Former Maryland Gov. Martin O'Malley (D) announced on Saturday that he's running for president in 2016.
"I declare that I am a candidate for President of the United States," O'Malley said in Baltimore. "And I am running for you."
O'Malley, 52, who served as governor from 2007 to 2015, likely faces a formidable challenge for the Democratic nomination from Hillary Clinton, widely seen as the frontrunner. But in an interview with The Washington Post last year, O'Malley noted that he faced similar long odds in 1999, when an overwhelmingly black electorate propelled him to victory as mayor of Baltimore.
During his announcement on Saturday, O'Malley drew several contrasts between himself and Clinton, painting his Democratic rival as someone rooted in the past and who was too cozy with Wall Street.
"Tell me how it is, that not a single Wall Street CEO was convicted of a crime related to the 2008 economic meltdown. Not a single one," O'Malley said. "Recently, the CEO of Goldman Sachs let his employees know that he’d be just fine with either Bush or Clinton. I bet he would. Well, I've got news for the bullies of Wall Street, the presidency is not a crown to be passed back and forth by you between two royal families."
As both mayor and governor, O'Malley helped pioneer a data-driven approach that made government more efficient. In 2000, O'Malley launched a program in Baltimore called CitiStat, which tracked data from city agencies that was then reviewed with agency heads every two weeks. According to O'Malley, the program saved Baltimore $350 million and helped reduce crime. O'Malley's tough crime policies during his tenure as mayor came under scrutiny amid unrest in Baltimore earlier this month, as some suggested that his policies led to over-policing that created distrust between communities and law enforcement.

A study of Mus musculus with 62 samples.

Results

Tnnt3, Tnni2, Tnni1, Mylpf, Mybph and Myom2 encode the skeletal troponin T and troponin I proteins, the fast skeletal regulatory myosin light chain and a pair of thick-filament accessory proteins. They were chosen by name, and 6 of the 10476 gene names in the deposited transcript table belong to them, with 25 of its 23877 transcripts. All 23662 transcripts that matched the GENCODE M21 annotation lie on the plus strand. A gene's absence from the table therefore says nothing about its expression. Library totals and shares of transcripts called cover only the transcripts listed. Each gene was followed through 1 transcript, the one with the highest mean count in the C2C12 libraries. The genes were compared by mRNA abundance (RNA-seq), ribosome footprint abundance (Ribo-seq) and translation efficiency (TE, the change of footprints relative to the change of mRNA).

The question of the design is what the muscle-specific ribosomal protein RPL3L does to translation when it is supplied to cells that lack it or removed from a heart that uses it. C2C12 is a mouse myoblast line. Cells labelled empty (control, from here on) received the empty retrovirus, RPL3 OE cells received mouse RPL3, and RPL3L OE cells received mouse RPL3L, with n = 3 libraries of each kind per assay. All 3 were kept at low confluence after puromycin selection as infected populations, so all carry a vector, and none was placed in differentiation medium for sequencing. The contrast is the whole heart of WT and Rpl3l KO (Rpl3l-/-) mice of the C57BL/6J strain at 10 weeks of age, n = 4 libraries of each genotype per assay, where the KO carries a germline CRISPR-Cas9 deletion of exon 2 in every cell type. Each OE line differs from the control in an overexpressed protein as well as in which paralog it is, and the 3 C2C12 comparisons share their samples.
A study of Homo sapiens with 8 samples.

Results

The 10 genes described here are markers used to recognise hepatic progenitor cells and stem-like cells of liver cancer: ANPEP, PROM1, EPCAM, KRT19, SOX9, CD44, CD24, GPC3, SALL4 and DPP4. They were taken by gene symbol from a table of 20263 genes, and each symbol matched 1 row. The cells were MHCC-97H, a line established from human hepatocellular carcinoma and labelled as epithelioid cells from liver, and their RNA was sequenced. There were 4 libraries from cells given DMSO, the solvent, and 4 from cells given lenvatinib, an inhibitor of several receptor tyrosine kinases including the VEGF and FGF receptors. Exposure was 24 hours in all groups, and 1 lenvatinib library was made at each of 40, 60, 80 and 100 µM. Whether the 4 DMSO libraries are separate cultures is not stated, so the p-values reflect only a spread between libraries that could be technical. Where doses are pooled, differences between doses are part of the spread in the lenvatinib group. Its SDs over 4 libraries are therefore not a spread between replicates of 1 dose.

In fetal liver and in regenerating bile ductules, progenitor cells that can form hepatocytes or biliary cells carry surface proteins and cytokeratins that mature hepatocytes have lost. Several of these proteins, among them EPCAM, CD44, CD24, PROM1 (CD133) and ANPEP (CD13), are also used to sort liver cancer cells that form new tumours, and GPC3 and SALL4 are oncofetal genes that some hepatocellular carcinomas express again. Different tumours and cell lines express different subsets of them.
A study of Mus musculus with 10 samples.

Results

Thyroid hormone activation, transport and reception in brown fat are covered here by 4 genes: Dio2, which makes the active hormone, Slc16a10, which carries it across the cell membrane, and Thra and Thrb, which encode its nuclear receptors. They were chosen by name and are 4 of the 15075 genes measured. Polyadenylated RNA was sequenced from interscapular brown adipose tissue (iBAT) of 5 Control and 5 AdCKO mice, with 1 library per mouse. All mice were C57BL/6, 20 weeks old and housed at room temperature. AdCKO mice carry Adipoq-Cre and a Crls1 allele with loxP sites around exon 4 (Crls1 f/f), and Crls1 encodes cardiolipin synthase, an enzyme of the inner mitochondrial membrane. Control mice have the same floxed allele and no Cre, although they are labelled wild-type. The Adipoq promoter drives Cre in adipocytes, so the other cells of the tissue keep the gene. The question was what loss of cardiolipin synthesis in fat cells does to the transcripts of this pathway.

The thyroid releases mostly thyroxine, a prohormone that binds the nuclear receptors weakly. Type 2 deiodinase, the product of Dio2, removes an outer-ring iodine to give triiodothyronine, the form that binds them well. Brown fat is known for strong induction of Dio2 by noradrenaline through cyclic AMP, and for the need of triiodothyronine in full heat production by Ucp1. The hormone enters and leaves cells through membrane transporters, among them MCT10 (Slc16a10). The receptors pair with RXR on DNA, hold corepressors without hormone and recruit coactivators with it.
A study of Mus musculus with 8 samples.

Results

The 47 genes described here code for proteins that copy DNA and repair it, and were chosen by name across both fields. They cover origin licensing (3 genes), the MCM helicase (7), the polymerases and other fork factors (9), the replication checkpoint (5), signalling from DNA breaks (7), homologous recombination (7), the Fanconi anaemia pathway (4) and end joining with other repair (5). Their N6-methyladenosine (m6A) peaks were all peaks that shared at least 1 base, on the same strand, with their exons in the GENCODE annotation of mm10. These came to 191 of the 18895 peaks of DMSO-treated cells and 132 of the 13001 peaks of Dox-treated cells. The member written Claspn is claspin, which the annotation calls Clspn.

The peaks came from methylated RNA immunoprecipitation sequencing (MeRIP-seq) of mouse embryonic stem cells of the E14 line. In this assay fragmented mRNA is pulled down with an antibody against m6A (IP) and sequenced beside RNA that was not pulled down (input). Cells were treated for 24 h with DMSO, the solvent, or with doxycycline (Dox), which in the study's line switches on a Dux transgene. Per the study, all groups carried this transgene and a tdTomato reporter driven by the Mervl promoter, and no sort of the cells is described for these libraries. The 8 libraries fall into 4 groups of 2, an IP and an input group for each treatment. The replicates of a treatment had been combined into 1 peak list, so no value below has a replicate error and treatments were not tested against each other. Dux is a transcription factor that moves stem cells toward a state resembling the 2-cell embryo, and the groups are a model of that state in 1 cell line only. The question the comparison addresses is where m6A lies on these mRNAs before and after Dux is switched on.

O'Malley addressed the unrest during his announcement, saying that it was "heartbreaking" to see.
"But there is something to be learned from that night, and there is something to be offered to our country from those flames, for what took place here was not only about race, not only about policing in America," he said. "It’s about everything it is supposed to mean to be an American."
Some have suggested that O'Malley could mount a successful presidential campaign by running to the left of Clinton. Should he do so, O'Malley could point to a litany of progressive accomplishments, including legalization of gay marriage, a minimum wage increase and abolition of the death penalty. Before leaving office in January, O'Malley commuted death sentences of four inmates before the law changed the maximum sentence to life without parole.
Still, a former O'Malley aide told The Washington Post last year that O'Malley may not feel comfortable running as the progressive candidate in a Democratic election. Should he run to Clinton's left, O'Malley will still have to deal with Sen. Bernie Sanders (I-Vt.), a self-described Democratic socialist, who is also seeking the Democratic nomination for president.
“If voters are looking for a cookie-cutter candidate to champion every progressive issue, they won’t find that with him,” Shaun Adamec, the former aide, told the Post. “He’s certainly comfortable being himself.”
Complicating O'Malley's path to the White House is the fact that his hand-picked successor as Maryland governor, former Lt. Gov. Anthony Brown, lost his gubernatorial bid to Larry Hogan, a Republican. O'Malley has said Brown's loss was not a referendum on his time as governor and blamed Brown's defeat on his negative campaign.
O'Malley also may face a unique challenge: the fictional character of Tommy Carcetti, the mayor of Baltimore who becomes more interested in his political future than the city he runs, from the HBO series "The Wire." While David Simon, the series creator, has said Carcetti is a composite of several politicians, O'Malley has often had to deflect comparisons.
According to HuffPost Pollster, which tracks all publicly available opinion polls, O'Malley has the support of 1.9 percent of likely Democratic voters.